While rape is a serious offense, and a subject that shouldn’t be taken lightly, most of the allegations that we defend against are made by accusers who engaged in consensual sex with our clients.
We have years of experience defending sex crime cases in Georgia and know exactly what evidence will be needed to refute the rape allegation and prove that the sex was consensual.
Rape is defined as the carnal knowledge of a woman, forcibly and against her will.
The statute defines carnal knowledge as “any penetration of the female sex organ by the male sex organ.” Under Georgia law, a person is not guilty of rape if he reasonably believed that the accuser consented to the sexual intercourse.
Therefore, our job is to gather every bit of evidence that exists that will prove that our client honestly believed the sex was consensual. This often includes text messages, emails, social media, pictures, videos, and statements from witnesses who either observed or spoke with the parties prior to or after the sexual encounter. It is critical that our clients not delete any communications, messages, pictures or videos that they exchanged with the accuser. If this evidence does get deleted, we can often retrieve it with the assistance of a computer forensics expert.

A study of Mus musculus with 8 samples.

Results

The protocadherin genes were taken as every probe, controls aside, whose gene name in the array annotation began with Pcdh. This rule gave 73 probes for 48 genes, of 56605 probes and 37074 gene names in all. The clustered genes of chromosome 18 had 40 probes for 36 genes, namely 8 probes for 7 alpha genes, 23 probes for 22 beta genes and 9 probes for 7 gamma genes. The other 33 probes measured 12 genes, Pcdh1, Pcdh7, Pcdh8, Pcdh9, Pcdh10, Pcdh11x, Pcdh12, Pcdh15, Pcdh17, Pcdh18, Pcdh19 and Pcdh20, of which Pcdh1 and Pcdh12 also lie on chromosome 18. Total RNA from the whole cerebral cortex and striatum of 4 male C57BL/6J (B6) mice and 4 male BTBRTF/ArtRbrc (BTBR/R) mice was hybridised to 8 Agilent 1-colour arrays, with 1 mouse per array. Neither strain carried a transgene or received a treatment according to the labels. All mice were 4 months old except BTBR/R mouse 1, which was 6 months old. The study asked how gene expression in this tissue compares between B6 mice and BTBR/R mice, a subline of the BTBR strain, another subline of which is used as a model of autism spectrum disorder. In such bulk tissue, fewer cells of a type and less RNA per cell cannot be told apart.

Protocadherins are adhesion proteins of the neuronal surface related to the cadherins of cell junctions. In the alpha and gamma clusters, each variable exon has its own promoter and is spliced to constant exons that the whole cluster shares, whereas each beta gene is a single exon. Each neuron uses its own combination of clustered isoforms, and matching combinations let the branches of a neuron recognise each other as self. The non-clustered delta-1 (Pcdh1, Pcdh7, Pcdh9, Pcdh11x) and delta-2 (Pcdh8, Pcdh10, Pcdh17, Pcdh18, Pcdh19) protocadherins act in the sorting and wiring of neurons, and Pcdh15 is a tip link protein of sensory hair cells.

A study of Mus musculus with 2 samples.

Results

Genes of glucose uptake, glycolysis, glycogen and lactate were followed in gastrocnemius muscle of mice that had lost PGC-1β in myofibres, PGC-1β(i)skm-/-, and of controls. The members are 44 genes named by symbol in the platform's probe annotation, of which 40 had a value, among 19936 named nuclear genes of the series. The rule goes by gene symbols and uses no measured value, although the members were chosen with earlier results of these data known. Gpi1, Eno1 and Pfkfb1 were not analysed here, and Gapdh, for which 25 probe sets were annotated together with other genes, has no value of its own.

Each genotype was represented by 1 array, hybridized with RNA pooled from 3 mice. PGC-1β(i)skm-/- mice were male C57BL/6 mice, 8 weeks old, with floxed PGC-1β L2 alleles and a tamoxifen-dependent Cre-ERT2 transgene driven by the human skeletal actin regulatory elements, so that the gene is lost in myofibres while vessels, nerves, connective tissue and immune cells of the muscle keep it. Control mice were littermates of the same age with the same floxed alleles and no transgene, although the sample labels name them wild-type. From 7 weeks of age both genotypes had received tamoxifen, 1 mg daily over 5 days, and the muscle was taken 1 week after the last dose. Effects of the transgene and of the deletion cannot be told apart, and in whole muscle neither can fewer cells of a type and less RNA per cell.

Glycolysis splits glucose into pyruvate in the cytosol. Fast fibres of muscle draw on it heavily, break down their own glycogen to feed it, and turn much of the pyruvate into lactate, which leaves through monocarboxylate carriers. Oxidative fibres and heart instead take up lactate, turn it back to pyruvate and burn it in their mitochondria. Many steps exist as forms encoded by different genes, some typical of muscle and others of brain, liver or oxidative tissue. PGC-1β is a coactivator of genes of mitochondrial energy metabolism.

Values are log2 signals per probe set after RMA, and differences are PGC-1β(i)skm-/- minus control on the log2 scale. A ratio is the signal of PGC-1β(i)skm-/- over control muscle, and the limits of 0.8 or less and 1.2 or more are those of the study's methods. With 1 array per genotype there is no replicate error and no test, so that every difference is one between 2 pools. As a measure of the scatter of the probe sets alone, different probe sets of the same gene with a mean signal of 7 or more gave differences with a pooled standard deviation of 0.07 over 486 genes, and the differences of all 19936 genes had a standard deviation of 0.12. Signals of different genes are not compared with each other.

Georgia’s Rape Shield Statute provides some exceptions under which evidence of the alleged victim’s “past sexual history” may be admissible.
According to O.C.G.A. § 24-4-412(b), if the court determines that the past sexual behavior “directly involved the participation of the accused and finds that the evidence expected to be introduced supports an inference that the accused could have reasonably believed that the complaining witness consented to the conduct complained of in the prosecution,” then the evidence may be admitted.
Section (c) also permits the introduction of evidence that is “so highly material that it will substantially support a conclusion that the accused reasonably believed that the complaining witness consented to the conduct complained of” if the court finds that justice mandates the admission of such evidence. When determining the issue of consent, the Rape Shield Statute only requires a reasonable inference that the alleged victim consented to sexual relations with the accused. The courts recognize that certain behaviors or verbal exchanges between the parties can indicate consent.
Prior to trial, the defendant must file a written motion notifying the court of his intent to introduce evidence of the alleged victim’s past sexual behavior. This motion will prompt the court to conduct an in-camera hearing outside the presence of the jury in order to examine the defendant’s proffered evidence.
Let an experienced rape attorney explain how to best demonstrate that sex was consensual. Call (404) 577-9557 for a consultation.
I was falsely accused and arrested. With no one in my corner and my back against the wall, I had no choice but to find the best attorney in Georgia to clear me from these charges.